Book Review: The Curious Incident of the Dog in the Night-Time

“Prime numbers are what is left when you have taken all the patterns away. I think prime numbers are like life. They are very logical but you could never work out the rules, even if you spent all your time thinking about them.” –Mark Haddon, The Curious Incident of the Dog in the Night-Time

Title: The Curious Incident of the Dog in the Night-Time
Author: Mark Haddon
Format: Paperback
Publisher: Doubleday
Publication Date: June 31, 2003
Source: My local public library


Christopher John Francis Boone knows all the countries of the world and their capitals and every prime number up to 7,057. He relates well to animals but has no understanding of human emotions. He cannot stand to be touched. And he detests the color yellow.

This improbable story of Christopher’s quest to investigate the suspicious death of a neighborhood dog makes for one of the most captivating, unusual, and widely heralded novels in recent years.

My Thoughts:

I have to admit that I really only picked up this novel because it is one of the books on the BBC’s “The Big Read” list which I am working my way through. It’s not that I thought it would be a bad book per say, I just am not generally enthused about reading novels that are 1) written in first person, and 2) narrated by a teenage boy. Needless to say, I didn’t have high hopes for this one. Luckily, I was pleasantly surprised from page one.

As mentioned in the synopsis, the novel begins with Christopher discovering that a neighbor’s dog, Wellington, has died under suspicious circumstances. Since Christopher feels a very strong attachment to animals (unlike his fellow humans), he sets out to discover the truth behind Wellington’s death. He documents his search for the truth in a journal, which becomes this book, and decides to cast the story as a murder mystery.

From the very beginning of his search, Christopher runs into obstacles that push the limits of the strict set of rules by which he lives his life. For instance, he interviews his neighbors to gain more information about the night of Wellington’s death, but this makes him very uncomfortable because he doesn’t like talking to strangers. As the novel progresses, Christopher’s search for the truth becomes more complicated, and he is increasingly forced into contact with a human world that he doesn’t understand. However, through his search he gains self-confidence and self-reliance which helps him cope with the disorder of everyday life.

My favorite part of the book by far was Christopher’s narration. In a world where everyone is concerned with being politically correct, I found him to be delightfully honest and very funny. I also enjoyed “getting inside his head”, and watching him progress throughout the novel as he struggles for independence in spite of the limitations of his condition.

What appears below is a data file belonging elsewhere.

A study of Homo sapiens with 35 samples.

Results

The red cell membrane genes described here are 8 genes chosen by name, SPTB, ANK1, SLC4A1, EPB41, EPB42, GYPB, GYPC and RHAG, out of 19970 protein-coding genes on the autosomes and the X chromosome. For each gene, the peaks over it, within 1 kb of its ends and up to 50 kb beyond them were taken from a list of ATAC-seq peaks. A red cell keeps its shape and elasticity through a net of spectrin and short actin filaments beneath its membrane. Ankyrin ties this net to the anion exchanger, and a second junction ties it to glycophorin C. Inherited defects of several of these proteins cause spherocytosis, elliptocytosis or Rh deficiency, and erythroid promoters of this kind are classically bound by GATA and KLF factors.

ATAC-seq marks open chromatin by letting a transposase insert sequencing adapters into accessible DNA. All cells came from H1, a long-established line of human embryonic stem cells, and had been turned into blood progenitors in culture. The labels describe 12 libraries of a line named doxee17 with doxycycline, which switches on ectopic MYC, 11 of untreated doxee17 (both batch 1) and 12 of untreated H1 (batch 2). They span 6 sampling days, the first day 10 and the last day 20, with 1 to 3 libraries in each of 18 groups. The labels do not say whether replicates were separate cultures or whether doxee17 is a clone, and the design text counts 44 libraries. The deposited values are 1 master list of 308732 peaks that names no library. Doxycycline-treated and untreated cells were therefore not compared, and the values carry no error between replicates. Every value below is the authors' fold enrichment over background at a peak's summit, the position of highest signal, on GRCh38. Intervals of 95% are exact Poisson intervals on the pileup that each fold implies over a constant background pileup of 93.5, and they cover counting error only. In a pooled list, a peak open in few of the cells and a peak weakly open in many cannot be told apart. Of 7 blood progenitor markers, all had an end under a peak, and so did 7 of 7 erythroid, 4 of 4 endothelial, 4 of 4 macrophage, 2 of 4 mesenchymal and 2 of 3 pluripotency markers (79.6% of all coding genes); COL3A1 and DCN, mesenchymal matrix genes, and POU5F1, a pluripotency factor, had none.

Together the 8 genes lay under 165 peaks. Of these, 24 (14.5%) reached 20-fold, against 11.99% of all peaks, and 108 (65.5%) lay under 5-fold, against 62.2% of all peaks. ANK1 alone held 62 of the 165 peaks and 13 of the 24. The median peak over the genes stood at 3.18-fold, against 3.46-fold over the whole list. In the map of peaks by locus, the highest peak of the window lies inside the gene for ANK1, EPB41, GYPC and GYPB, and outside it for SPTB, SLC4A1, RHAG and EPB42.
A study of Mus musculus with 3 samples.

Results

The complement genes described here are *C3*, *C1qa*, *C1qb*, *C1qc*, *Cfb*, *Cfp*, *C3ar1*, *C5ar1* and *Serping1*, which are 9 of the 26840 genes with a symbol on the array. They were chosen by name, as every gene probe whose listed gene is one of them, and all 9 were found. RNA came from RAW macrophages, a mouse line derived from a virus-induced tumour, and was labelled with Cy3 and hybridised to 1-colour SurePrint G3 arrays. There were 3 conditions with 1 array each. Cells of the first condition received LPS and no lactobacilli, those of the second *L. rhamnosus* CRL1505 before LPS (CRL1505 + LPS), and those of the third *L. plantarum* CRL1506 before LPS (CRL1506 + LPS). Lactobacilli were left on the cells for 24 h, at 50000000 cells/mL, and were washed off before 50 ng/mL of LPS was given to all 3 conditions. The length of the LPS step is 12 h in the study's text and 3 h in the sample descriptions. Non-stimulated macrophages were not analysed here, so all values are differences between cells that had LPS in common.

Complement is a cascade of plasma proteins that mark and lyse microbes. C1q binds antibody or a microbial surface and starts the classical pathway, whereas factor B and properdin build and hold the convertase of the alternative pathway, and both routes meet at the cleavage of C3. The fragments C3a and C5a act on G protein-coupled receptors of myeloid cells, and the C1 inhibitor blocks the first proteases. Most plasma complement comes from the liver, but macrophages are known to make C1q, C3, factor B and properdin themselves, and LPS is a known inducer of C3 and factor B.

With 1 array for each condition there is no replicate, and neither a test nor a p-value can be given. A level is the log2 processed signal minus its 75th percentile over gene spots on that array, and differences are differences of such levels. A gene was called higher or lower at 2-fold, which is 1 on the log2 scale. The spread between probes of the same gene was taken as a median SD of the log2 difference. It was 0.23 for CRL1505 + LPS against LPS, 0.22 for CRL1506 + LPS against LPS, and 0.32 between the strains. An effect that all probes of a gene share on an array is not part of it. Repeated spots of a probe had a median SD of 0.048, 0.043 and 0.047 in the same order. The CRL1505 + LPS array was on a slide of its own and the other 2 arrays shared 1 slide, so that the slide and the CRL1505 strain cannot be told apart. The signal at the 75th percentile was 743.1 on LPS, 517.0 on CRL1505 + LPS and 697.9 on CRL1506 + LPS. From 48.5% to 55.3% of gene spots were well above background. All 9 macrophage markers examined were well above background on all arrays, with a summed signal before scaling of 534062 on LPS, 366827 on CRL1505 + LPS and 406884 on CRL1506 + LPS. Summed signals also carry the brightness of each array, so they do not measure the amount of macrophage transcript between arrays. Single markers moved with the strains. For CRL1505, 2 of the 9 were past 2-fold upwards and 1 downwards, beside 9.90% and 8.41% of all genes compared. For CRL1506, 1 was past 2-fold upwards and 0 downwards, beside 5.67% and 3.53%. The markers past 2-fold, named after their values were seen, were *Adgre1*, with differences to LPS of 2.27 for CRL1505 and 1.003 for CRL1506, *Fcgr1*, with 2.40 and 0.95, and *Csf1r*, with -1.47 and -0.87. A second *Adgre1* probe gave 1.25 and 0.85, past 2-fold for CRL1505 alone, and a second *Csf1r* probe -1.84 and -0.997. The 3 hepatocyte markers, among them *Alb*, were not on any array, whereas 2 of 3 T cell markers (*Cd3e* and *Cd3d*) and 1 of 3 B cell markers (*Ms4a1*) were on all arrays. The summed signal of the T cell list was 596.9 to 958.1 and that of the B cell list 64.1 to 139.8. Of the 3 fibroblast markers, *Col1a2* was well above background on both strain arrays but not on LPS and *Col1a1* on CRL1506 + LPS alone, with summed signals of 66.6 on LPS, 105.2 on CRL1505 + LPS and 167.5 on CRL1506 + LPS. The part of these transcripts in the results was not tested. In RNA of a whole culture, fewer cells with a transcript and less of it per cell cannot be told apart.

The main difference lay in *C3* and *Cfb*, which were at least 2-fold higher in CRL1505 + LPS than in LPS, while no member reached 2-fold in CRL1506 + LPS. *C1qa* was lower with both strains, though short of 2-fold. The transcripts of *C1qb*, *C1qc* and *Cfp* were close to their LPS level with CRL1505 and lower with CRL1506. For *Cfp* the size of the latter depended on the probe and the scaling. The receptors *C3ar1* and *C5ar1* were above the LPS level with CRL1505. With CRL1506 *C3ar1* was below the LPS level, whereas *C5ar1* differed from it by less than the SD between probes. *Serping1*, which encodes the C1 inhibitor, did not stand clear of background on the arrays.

At its core, this novel is a coming-of-age story and not a murder mystery. To be frank, the mystery of Wellington’s death quickly takes a backseat to the concerns of the human world. While I enjoyed reading about Christopher’s interesting and heart wrenching journey, I did feel a bit frustrated at times because I was reading a drama that had been billed as a murder mystery. Additionally, I thought the ending was anticlimactic and felt very rushed, almost as if it were an afterthought. I realize this loose ending is probably intentional on Haddon’s part, and is meant to show Christopher’s new-found ability to cope in an uncertain (and equally unfinished) world. Despite these intentions, the ending left me unsatisfied, and I find I have more questions than answers.

Overall, this is a very unique book with a lot of heart. I wouldn’t necessarily call it a great work of literature (and I question its inclusion on the BBC list), but it does give excellent insight into the mind of an autistic person. I really did enjoy this book (especially the mathematical puzzles), and I would definitely recommend picking up a copy.

What Others Had To Say:

The Novel World

My Review In Four Lines:

  1. Rating: 3/5 stars
  2. What I liked: Christopher’s honest and funny narration
  3. What I didn’t enjoy as much: The anticlimactic ending
  4. I would recommend this book for: People interested in gaining insight into an autistic mind


Linking up with Blonde…Undercover Blonde for Book Club Friday.

Note: I did not receive any compensation whatsoever for this book review.

4 Comments (+add yours?)

  1. robyn
    May 25, 2012 @ 13:30:44

    took me a while to find your comment box-but got here!
    i was in two minds about this book-I really felt it got far too much attention and hype in the press.hmmm.


  2. exlibrisheather
    May 25, 2012 @ 15:25:39

    Yes I agree. I did like the book, but after all the hype I was expecting it to move me a little bit more…


  3. victoria
    May 25, 2012 @ 17:25:40

    it definitely sounds interesting;i think i have seen this around other blogs too 🙂

    happy weekend!


  4. Shoshanah
    May 25, 2012 @ 19:02:21

    I remember my mom reading this book a few years back and really enjoying it. She told me it was one I should pick up, and while I do think it’s one I’d enjoy, I still haven’t gotten around to reading it.